Poker Pros losing to the Artificial Intelligence in Poker

Carnegie Mellon University is one of the most reputed universities all around the world. They have recently developed an Artificial Intelligence called the “Libratus”. Poker players are in a shock that this little masterpiece has managed to defeat four of the top Poker Pros in a 20-day Poker event called the “Brains Vs Artificial Intelligence: Upping the Ante”. This event was held at the Rivers Casino in Pittsburgh. The players lost to Libratus in a Heads-up poker game, after a total of 120,000 hands altogether. Libratus was leading in a collective chip count of $1,766,250.

Dong Kim, Jimmy Chou, Daniel McAulay and Jason Les were the pros who participated in the event. They bagged $200,000 prize which was then split among the four on their respective performances in the event. Measured in milli-big blinds per hand (mbb/hand), a standard used by imperfect-information game AI researchers, Libratus defeated the humans by 147 mbb/hand or 14.7 big blinds per hand.

Pittsburgh Supercomputing Centre’s Bridges computer helped to compute Libratus strategies. Thomas Sandholm, professor of computer science, and Noam Brown, a Ph.D. student in computer science are the developers of Libratus. They said, “The techniques in Libratus do not use expert domain knowledge or human data and are not specific to poker,” Sandholm and Brown write in the paper. “Thus, they apply to a host of imperfect-information games. Thus, they apply to a host of imperfect-information games.”  They also mentioned that it was not a matter of luck that their AI could perform and win in a game like NLHE. It has more than 10 raised to the power of 161 (1 followed by 161 zeroes) information sets.  To give some perspective, that’s more combinations than the number of atoms in the universe.


The AI programs have managed to defeat live players in a number of games in the past like, chess, jeopardy, checkers, and Go.  All these games have an immense number of information sets, and at any given point, both the players know the exact state of the game. Poker, however, is different; there is hidden information as well as a Bluff factor. “The best AI’s ability to do strategic reasoning with imperfect information has now surpassed that of the best humans,” Sandholm said.

Frank Pfenning, head of the Computer Science Department in CMU’s School of Computer Science said, “The computer can’t win at poker if it can’t bluff. This new milestone in artificial intelligence has implications for any realm in which information is incomplete and opponents sow misinformation, Business negotiation, military strategy, cybersecurity, and medical treatment planning could all benefit from automated decision-making using a Libratus like AI.” Pfenning added “Developing an AI that can do that successfully is a tremendous step forward scientifically and has numerous applications. Imagine that your smartphone will someday be able to negotiate the best price on a new car for you. That’s just the beginning.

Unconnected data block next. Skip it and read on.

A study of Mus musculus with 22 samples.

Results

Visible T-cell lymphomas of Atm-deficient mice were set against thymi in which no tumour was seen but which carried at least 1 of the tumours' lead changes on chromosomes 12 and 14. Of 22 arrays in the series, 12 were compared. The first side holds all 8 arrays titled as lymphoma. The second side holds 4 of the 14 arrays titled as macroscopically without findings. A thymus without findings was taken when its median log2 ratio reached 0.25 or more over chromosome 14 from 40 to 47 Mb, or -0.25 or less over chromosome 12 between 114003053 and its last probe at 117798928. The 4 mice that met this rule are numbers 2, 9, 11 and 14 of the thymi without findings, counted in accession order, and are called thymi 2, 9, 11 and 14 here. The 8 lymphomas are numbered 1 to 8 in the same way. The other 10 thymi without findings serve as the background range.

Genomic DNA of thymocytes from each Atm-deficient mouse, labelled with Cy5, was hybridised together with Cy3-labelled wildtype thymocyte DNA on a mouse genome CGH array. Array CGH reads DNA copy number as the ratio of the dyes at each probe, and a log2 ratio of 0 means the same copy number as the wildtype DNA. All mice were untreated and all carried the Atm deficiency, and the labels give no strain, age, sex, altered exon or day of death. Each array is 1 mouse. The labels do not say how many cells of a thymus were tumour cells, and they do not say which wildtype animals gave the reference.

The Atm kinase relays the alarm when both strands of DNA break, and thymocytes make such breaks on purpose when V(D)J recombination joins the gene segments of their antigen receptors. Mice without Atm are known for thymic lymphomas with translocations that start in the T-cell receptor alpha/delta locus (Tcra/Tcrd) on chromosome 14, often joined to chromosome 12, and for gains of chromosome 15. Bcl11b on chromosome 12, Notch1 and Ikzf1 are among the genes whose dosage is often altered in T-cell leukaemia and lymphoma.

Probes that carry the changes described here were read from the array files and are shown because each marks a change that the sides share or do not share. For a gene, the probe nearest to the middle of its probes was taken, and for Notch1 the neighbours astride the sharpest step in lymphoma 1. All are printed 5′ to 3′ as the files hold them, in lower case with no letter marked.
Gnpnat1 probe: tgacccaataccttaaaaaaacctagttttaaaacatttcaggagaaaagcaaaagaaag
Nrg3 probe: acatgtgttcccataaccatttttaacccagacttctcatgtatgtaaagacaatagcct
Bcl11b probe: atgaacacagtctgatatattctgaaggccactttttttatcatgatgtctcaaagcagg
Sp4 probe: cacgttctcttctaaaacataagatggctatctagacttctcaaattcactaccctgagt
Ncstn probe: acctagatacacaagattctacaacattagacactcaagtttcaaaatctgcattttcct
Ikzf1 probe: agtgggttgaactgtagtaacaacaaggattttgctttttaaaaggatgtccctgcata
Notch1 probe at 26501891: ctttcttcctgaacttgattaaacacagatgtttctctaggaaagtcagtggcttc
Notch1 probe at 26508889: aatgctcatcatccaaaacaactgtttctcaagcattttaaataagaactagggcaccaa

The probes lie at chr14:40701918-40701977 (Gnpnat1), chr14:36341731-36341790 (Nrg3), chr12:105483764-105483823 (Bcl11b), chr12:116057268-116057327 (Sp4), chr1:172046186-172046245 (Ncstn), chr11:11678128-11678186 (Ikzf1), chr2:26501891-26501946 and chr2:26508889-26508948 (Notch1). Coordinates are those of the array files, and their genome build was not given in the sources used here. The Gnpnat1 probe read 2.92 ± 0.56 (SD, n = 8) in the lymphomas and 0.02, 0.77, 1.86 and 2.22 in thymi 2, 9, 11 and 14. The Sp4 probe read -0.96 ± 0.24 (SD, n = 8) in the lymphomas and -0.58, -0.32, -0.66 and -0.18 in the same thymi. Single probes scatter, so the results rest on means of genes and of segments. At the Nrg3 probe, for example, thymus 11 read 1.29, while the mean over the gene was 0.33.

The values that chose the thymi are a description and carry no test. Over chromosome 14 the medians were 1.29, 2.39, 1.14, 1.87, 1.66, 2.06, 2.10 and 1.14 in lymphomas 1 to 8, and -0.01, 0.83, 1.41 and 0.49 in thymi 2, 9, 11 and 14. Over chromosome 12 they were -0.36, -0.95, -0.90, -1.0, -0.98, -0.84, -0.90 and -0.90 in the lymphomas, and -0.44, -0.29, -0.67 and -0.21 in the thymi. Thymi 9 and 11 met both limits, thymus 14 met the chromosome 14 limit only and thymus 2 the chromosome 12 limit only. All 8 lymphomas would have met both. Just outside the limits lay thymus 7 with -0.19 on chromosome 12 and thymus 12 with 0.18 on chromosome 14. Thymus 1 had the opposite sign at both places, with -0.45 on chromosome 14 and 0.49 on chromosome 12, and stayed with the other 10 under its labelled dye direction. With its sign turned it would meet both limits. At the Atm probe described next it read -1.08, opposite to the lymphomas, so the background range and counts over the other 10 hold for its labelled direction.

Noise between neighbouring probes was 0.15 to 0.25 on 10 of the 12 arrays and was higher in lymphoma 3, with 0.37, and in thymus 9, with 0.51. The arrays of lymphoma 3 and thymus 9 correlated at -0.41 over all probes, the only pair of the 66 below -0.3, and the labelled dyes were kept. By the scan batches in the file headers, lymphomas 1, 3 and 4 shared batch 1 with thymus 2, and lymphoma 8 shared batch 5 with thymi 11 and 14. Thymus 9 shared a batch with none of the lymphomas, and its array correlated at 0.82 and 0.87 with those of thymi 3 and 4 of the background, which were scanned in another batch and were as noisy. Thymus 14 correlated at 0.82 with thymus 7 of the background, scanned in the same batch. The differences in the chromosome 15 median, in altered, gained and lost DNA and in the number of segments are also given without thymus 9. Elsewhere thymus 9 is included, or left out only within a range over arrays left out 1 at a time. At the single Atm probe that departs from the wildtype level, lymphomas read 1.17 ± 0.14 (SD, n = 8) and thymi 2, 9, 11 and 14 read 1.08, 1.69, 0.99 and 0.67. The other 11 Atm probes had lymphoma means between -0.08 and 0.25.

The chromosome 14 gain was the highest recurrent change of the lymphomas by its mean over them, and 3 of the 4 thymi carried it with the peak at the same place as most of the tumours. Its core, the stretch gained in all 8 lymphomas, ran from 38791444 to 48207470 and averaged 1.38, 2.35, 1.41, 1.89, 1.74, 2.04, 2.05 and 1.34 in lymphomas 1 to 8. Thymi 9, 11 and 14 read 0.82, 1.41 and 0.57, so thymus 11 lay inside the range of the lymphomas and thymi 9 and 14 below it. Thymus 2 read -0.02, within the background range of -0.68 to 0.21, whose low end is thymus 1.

Libratus includes the following 3 main modules:

  1. Blueprint Strategy:

It computes the probable outcome on the hand. The number of informational sets is in excess of 10 followed by 161 zeros. It creates a detailed strategy for the early streets of the hand and rudimentary strategy for later streets. The strategy is called the blueprint strategy. There is little difference between a high–king flush and a queen–high flush. Treating those hands as identical reduces the complexity of the game and thus makes it computationally easier,” said Brown. Libratus can also group similar bet sizes.

  1. Detailed Computational Abstraction:

The second stage is the detailed computational abstraction which is based on the hand. It computes a strategy based on the sub game which happens in real-time. This balances the strategies across different sub-games using the blueprint strategy for guidance.

  1. Improvement Strategy:

The existing blueprint strategy is then further improved further in this module as the competition progresses. “AIs use machine learning to find mistakes in the opponent’s strategy and exploit them. But that also opens the AI to exploitation if the opponent shifts strategy. Instead, Libratus’ self-improver module analyzes opponents’ bet sizes to detect potential holes in Libratus’ blueprint strategy. Libratus then adds these missing decision branches, computes strategies for them, and adds them to the blueprint,” said Sandholm

Approximately 600 of Bridge’s 846 compute nodes were utilized for Libratus. The bridges total speed is 1.35 petaflops, about 7,250 times as fast as a high-end laptop and its memory is 274 Terabytes, a typical high-end laptop has 16GB.

Lastly, Sandholm and Brown concluded and said – “The techniques that we developed are largely domain independent and can thus be applied to other strategic imperfect-information interactions, including no recreational applications. Due to the ubiquity of hidden information in real-world strategic interactions, we believe the paradigm introduced in Libratus will be critical to the future growth and widespread application of AI.